Trump Brands Media 'Enemy of the American People'

President Donald Trump raised the level of his attacks on the media yet again Friday, tweeting the following Friday (Feb. 17):

"The FAKE NEWS media (failing @nytimes, @NBCNews, @ABC, @CBS, @CNN) is not my enemy, it is the enemy of the American People!"

The President omitted Fox News, which he has been stroking with one hand--"The fake news media is going crazy with their conspiracy theories and blind hatred. @MSNBC & @CNN are unwatchable. @foxandfriends is great!--he Tweeted Feb. 15, while bashing most other outlets with the other.

That "enemy of the people" broadside followed the President's press conference Feb. 16, when he said the press was dishonest and out of control and called some of those outlets disgraceful. It also came the same day the Trump team and the Republican National Committee circulated a "mainstream media accountability" survey to supporters asking them, among other things, whether the Republicans should put more resources into combating what they argue is a concerted mainstream media attack on them.

The BBC, whose reporter Trump snarkily mocked during the press conference, said the President's "enemies of the people" line echoed "history's worst tyrants," like Stalin and Mao--an observation echoed by Slate magazine--while former Washington Post reporter Carl Bernstein of Watergate fame tweeted: "The most dangerous 'enemy of the people' is presidential lying--always. Attacks on press by @realDonaldTrump more treacherous than Nixon's."

Nixon, whose distrust of the media was also palpable, and mostly returned in kind, famously threatened to put a body part of Washington Post publisher Katherine Graham through a ringer, and his vice president, Spiro Agnew, called the media "nattering nabobs of negativism."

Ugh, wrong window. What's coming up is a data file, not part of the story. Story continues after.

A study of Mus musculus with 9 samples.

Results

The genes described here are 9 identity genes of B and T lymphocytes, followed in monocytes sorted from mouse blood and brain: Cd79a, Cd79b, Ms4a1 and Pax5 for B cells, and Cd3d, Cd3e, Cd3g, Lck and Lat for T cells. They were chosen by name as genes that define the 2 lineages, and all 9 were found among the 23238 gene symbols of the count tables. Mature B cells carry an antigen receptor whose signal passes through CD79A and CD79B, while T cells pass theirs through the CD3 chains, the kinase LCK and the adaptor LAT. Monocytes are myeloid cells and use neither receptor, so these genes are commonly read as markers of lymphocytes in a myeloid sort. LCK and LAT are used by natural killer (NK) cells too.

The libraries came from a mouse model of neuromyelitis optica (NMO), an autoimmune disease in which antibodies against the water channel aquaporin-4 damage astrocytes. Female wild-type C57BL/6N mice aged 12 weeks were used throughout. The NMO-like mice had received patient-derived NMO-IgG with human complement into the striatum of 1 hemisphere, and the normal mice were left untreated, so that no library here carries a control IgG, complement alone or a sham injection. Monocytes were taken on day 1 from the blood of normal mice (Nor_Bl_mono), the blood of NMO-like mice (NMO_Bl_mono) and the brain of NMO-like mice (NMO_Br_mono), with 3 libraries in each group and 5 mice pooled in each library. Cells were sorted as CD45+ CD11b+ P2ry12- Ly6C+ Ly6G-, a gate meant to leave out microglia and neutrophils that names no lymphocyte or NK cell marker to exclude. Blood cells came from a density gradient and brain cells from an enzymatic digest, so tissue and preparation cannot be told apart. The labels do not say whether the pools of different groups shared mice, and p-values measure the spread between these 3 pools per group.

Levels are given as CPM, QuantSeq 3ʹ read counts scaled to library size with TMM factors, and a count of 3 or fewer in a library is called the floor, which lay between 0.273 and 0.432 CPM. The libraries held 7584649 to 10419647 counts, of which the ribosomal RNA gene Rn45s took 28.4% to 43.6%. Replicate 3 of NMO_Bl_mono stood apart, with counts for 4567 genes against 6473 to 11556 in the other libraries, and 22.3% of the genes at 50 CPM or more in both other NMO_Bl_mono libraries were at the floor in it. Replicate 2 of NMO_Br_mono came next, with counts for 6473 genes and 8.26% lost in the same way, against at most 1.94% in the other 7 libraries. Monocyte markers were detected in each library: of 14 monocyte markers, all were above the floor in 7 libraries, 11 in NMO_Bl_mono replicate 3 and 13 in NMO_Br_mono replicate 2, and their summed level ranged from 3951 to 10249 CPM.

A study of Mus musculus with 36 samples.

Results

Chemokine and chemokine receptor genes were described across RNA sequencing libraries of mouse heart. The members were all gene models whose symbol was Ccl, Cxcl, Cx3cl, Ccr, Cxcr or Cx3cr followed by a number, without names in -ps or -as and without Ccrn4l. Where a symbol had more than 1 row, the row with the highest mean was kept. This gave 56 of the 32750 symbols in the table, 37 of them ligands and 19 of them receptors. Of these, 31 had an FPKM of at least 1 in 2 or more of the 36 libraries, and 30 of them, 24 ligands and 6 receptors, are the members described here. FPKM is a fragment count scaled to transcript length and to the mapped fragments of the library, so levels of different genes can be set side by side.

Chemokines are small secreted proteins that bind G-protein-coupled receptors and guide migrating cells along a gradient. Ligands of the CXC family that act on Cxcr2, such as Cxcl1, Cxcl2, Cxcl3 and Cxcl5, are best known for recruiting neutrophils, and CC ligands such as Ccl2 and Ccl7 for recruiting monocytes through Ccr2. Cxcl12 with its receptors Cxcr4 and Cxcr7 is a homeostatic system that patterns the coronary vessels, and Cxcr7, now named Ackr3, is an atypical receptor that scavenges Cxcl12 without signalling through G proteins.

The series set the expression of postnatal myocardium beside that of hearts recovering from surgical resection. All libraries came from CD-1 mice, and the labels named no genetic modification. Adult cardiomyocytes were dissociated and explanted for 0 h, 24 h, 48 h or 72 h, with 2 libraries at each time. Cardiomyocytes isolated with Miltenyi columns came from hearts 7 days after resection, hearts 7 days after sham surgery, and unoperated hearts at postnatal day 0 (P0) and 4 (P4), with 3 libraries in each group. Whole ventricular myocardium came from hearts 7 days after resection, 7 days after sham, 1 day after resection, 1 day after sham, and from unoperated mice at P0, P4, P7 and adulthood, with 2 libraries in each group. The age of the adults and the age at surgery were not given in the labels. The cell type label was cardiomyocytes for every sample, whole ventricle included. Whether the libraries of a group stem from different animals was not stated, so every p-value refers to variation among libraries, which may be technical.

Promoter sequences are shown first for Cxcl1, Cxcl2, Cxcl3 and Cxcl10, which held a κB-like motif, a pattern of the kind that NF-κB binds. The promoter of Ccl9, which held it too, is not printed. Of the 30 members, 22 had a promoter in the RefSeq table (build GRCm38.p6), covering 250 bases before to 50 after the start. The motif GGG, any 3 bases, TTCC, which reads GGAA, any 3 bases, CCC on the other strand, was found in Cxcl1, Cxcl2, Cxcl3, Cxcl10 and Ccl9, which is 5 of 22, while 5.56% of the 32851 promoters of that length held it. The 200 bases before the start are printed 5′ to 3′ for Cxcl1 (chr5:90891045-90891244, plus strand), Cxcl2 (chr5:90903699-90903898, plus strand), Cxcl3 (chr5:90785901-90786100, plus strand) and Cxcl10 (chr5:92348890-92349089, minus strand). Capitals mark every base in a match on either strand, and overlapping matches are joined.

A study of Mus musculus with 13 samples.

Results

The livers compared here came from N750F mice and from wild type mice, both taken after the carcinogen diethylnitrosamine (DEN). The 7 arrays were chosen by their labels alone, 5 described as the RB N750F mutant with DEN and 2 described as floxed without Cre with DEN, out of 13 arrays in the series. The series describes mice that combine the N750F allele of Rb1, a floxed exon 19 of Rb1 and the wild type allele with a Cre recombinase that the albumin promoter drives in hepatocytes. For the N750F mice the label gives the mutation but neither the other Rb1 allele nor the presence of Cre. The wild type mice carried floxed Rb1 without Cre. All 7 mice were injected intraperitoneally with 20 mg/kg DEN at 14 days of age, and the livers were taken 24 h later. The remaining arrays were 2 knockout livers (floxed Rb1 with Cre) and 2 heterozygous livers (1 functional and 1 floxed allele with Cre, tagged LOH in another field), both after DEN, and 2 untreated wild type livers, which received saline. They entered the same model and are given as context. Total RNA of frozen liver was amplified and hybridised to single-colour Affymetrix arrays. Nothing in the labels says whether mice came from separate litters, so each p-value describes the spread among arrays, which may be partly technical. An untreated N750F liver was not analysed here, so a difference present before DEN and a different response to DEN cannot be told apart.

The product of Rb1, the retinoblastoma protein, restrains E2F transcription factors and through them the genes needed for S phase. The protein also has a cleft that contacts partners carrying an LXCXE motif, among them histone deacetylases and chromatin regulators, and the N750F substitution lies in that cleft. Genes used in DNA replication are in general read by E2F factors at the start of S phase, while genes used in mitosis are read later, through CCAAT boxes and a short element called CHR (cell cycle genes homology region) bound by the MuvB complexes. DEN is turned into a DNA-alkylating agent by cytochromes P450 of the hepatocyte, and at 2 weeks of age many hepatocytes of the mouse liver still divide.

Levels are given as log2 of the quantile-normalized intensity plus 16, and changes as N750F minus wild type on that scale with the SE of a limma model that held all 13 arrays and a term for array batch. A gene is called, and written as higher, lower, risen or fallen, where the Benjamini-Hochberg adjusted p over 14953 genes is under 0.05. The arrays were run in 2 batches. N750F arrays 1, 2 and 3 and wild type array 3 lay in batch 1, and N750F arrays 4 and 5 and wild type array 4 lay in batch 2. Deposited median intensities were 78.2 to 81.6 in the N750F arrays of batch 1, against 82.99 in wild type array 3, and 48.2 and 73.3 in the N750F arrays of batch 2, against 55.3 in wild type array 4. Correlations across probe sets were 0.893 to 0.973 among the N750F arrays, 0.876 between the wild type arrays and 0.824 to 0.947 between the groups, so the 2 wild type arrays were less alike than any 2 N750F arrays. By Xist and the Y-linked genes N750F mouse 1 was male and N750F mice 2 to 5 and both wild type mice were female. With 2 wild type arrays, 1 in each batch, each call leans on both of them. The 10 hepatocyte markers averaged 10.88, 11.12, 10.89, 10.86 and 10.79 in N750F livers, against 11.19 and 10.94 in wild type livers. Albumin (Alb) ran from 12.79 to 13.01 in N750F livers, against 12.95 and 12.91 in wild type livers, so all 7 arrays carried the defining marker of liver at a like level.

Meanwhile, over in Germany, GOP party stalwart Sen. John McCain (R-Ariz.) began distancing the rest of the party from the President, saying in a speech: "I know there is profound concern across Europe and the world that America is laying down the mantle of global leadership. I can only speak for myself, but I do not believe that that is the message you will hear from all of the American leaders who cared enough to travel here to Munich this weekend. That's not the message you heard today from Secretary of Defense Jim Mattis. That is not the message you will hear from Vice President Mike Pence. That's not the message you will hear from Secretary of Homeland Security John Kelly. And that is certainly not the message you will hear tomorrow from our bipartisan congressional delegation.

McCain also weighed in on the President's attack on the media, suggesting he was using the tactics of authoritarian regimes, if not trying to become such a ruler. In an interiew on NBC's Meet the Press, McCain said: "“If you want to preserve democracy as we know it, you have to have a free and, many times, adversarial press. And without it, I am afraid that we would lose so much of our individual liberties over time. That's how dictators get started.”

"[W]hen you look at history, the first thing that dictators do is shut down the press,” he said. “And I'm not saying that President Trump is trying to be a dictator. I'm just saying we need to learn the lessons of history.”

John Eggerton

Contributing editor John Eggerton has been an editor and/or writer on media regulation, legislation and policy for over four decades, including covering the FCC, FTC, Congress, the major media trade associations, and the federal courts. In addition to Multichannel News and Broadcasting + Cable, his work has appeared in Radio World, TV Technology, TV Fax, This Week in Consumer Electronics, Variety and the Encyclopedia Britannica.